CSL opened the doors of its LTE lab in Kowloon Bay yesterday – the first in Hong Kong and one of the first in the world.
The CSL Technology Center is at the heart of a cluster of LTE field trials across the city, offering download speeds of up to 127 Mbps.
But it also represents the overlapping ambitions of Telstra-owned CSL and its equipment supplier, ZTE.
For CSL, it has been a chance to revamp its networks and take the technology lead in the hyper-competitive local market.
But it has been possible only because of the massive resources committed by its mainland technology partner.
At one stage ZTE had sent 1,000 engineers to Hong Kong to work on the project – almost as many as CSL’s 1,400 staff. It now has a team of 600 working with CSL in Hong Kong, according to CSL chief technology officer Christian Daigneault.
“ZTE didn’t choose us – they chose our parent,” he said. “ZTE knew all about the technologies, but needed a major carrier partner to tell them what they needed,”
Telstra sent its top mobile engineers to Hong Kong to work with ZTE. Now, even though it is not one of Telstra’s vendors, ZTE is continuing to work with the operator on LTE in Australia.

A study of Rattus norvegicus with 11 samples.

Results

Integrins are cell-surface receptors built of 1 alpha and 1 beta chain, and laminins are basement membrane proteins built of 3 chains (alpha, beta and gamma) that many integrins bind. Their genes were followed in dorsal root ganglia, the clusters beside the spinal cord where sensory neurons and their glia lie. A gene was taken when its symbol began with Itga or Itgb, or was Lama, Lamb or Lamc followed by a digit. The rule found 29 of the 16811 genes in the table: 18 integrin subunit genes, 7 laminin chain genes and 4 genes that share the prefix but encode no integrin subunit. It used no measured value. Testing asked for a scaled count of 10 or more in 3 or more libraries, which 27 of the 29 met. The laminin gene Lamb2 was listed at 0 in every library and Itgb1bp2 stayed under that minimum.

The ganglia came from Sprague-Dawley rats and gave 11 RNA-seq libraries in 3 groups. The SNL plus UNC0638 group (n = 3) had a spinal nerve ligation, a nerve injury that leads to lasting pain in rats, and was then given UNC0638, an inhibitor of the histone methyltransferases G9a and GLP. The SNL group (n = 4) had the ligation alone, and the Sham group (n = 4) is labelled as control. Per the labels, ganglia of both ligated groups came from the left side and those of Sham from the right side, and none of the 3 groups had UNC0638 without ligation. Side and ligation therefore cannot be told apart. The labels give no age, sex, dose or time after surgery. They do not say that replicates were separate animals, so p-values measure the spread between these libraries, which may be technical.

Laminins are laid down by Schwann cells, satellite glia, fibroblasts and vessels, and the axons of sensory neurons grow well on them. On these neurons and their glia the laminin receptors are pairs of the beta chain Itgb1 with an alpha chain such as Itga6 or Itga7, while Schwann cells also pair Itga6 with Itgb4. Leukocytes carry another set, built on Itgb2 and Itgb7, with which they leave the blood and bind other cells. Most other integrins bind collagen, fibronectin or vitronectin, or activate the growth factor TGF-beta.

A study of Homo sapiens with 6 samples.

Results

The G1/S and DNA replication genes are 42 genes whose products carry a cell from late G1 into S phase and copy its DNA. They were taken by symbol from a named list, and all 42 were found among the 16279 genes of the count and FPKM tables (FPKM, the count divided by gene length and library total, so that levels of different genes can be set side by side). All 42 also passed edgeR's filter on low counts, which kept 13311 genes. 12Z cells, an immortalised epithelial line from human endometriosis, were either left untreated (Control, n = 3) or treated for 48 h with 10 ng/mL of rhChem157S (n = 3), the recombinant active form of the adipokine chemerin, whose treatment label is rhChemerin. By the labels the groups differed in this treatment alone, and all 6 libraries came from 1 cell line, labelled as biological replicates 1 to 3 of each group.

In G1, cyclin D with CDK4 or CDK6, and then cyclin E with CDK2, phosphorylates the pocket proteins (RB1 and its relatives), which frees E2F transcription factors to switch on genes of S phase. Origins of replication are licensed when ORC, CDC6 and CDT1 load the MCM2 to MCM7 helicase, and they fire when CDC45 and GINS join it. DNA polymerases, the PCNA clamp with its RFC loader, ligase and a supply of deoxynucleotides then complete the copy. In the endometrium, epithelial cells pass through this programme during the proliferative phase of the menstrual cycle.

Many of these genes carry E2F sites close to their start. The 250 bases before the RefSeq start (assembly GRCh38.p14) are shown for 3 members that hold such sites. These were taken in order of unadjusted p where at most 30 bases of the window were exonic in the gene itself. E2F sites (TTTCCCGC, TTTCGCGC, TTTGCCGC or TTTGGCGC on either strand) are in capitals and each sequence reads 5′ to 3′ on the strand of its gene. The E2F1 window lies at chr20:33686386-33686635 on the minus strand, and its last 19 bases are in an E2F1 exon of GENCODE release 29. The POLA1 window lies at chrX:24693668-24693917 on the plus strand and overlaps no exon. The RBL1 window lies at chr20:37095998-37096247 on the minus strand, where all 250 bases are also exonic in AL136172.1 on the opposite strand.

ZTE’s main goal was to create a global LTE reference network that it can show potential customers. It is hosting a steady stream of operators – Orange, Vodafone, Telefonica and BT, to name a few – to Hong Kong every week, CSL executives said.
For CSL, although the network is a long way from commercial launch, Daigneault feels the company has already justified its shock decision to dump longstanding supplier Nokia Siemens Networks in favor or ZTE.
In 2007 the company thought the future was in data and decided to scrap its existing networks. By going all-IP it could cut network operating cost and lay down a foundation for future IP-based LTE.
NSN rejected the plan. “With their roadmaps, vendors often impose a strategy,” Daigneault said.
So in early 2008 CSL signed ZTE, which offered to build a software-defined radio (SDR) network that could be smoothly converted
into another wireless standard.
CSL also had enough confidence in the growth of data to build enough capacity for three years, Daigneault said. Since the launch of its HSPA+ network in March, CSL’s data traffic has increased 15-fold.
Daigneault and CEO Tarek Robbiati say that their new technology center is also meant to fly the flag for LTE, aimed at hurrying vendors into making products for the network.
But the engine behind the project has been ZTE. As one CSL executive told telecomasia.net, “We’ve got ZTE’s full attention. They send their top management here. If we’d asked Nokia to do that that, the attitude would be ‘who are you?”